1. #1
    Join Date
    Dec 2005

    I've been developing with jQuery for far too long. I have a simple, temporary one page site so, instead of loading jQuery, I am doing un-libraried Javascript. I just wanted to do some simple manipulations to a HTML5 video element.

    I started out with Javascripts basic DOM manipulation functions, but about a year ago I got involved in jQuery and I loved it...so today when I tried to do some basic DOM stuff, I was bewildered that I could barely do anything.

    I looped through the properties of elements returned by getElementById() or getElementsByTagName (in Chrome) and I saw only a couple of properties/methods, one was new to me - item() - can't recall seeing this before.

    Then I found out that, in Chrome, I need to use item() to return the actual DOM Object in order to manipulate it.

    Code:
    var poster = document.getElementById('video').getElementsByTagName('img');
    
    //this wouldn't work - yet it would a year or two ago...
    poster.style.display = 'none';
    
    //this would
    poster.item().style.display = 'none';
    I can't recall ever coming across this thing called item() before....what is it? Is it the standard nowadays?

    Thanks.

  2. #2
    Join Date
    Posts
    var poster = document.getElementById('video').getElementsByTagName('img')
    Simple. getElementsByTagName() returns always a DOM collection. not a single element. If you are dealing with more images, you should circle within a loop. same as in an array. That is what is actually written in the JQuery core code: a loop. Actually I am surprised that you don't know that.

    If you have a single element, well, of course it will be the first (and the only )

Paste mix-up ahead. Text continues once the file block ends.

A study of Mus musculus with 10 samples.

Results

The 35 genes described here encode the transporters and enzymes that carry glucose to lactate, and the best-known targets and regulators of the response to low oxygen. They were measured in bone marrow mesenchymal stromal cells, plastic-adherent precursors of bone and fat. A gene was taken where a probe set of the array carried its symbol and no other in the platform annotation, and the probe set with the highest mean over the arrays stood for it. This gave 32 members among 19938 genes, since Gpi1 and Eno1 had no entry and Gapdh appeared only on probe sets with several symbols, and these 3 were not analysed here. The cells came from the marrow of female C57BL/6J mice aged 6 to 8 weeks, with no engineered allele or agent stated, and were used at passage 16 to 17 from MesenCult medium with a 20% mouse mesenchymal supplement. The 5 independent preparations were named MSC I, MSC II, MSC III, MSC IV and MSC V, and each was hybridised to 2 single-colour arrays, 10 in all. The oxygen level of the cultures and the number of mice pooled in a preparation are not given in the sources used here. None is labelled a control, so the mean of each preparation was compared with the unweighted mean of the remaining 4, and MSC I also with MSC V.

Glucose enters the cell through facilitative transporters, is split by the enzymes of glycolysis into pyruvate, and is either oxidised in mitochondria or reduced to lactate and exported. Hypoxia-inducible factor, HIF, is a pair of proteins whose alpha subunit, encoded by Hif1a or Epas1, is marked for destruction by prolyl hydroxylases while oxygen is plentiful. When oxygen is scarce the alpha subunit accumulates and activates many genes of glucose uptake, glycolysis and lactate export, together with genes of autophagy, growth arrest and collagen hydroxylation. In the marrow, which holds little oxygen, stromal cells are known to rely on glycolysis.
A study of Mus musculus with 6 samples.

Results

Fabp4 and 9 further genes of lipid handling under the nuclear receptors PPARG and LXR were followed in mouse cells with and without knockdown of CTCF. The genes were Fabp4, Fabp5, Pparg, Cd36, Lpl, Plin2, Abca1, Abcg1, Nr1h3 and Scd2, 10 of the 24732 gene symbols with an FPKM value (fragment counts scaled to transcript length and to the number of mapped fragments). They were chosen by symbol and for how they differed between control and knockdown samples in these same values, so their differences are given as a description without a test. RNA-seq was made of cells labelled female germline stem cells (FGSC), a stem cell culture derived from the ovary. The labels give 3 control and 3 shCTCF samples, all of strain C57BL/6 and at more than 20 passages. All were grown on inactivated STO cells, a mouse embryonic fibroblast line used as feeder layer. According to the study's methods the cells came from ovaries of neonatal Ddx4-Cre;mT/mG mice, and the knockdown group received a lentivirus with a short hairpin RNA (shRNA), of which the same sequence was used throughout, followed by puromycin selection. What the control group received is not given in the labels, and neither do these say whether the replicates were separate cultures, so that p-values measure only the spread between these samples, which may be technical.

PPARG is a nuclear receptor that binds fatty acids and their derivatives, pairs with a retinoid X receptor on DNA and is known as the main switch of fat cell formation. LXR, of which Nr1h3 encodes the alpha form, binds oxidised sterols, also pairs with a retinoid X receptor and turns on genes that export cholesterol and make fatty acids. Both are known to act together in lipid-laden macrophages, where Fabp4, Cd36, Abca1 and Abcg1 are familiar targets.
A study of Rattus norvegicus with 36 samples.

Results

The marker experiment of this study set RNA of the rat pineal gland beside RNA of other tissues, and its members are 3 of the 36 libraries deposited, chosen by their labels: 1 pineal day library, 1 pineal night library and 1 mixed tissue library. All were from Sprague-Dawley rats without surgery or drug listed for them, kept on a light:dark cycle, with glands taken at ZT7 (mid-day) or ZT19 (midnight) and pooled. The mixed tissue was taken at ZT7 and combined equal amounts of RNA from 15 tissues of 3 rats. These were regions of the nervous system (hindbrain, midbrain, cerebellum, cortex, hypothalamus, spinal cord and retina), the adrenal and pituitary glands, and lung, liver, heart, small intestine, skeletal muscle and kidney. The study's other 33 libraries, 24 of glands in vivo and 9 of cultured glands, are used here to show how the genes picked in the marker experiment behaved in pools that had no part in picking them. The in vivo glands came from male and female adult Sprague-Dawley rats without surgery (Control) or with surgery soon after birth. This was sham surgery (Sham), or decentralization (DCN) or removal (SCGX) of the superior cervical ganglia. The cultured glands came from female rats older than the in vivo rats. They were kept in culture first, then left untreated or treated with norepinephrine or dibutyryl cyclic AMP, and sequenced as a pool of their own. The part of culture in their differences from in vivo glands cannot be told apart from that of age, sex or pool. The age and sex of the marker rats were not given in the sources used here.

Code:
    var poster = document.getElementById('video').getElementsByTagName('img')[0]
    Last edited by Kor; 03-11-2011 at 01:49 PM.

  3. #3
    Join Date

    Code:
    var img = document.getElementById('mydiv').getElementsByTagName('img');
    var items = img.length;
    for(i=0;i<items;i++) {
     //do stuff with img[0];
    }
    So basically it's always been a method...I just never used it before (and back then, never knew enough to use the following code snippet to find out its properties and methods)

    Code:
    for(i in collection) {
      console.log(i + ' ' + collection[i]);
    }
    Thank you, Kor, for (even very mildly) over estimating my intelligence.

  4. #4
    Join Date
    var img = document.getElementById('mydiv').getElementsByTagName('img');
    var items = img.length;
    for(i=0;i<items;i++) {
    //do stuff with img[0];
    }
    Rather:
    Code:
    var images = document.getElementById('mydiv').getElementsByTagName('img'), img, i=0 ;
    while(img=images[i++]){
    // do something with img reference
    }
    Now you don't care whether the collection has 1, 2, 3 or n elements. Or none.

    I bet JQuery core has something like that inside. There is no other way. A language has its firm syntax. JQuery is nothing but JavaScript condensed and structured in a library. The base language should be the same
    Last edited by Kor; 03-11-2011 at 02:41 PM.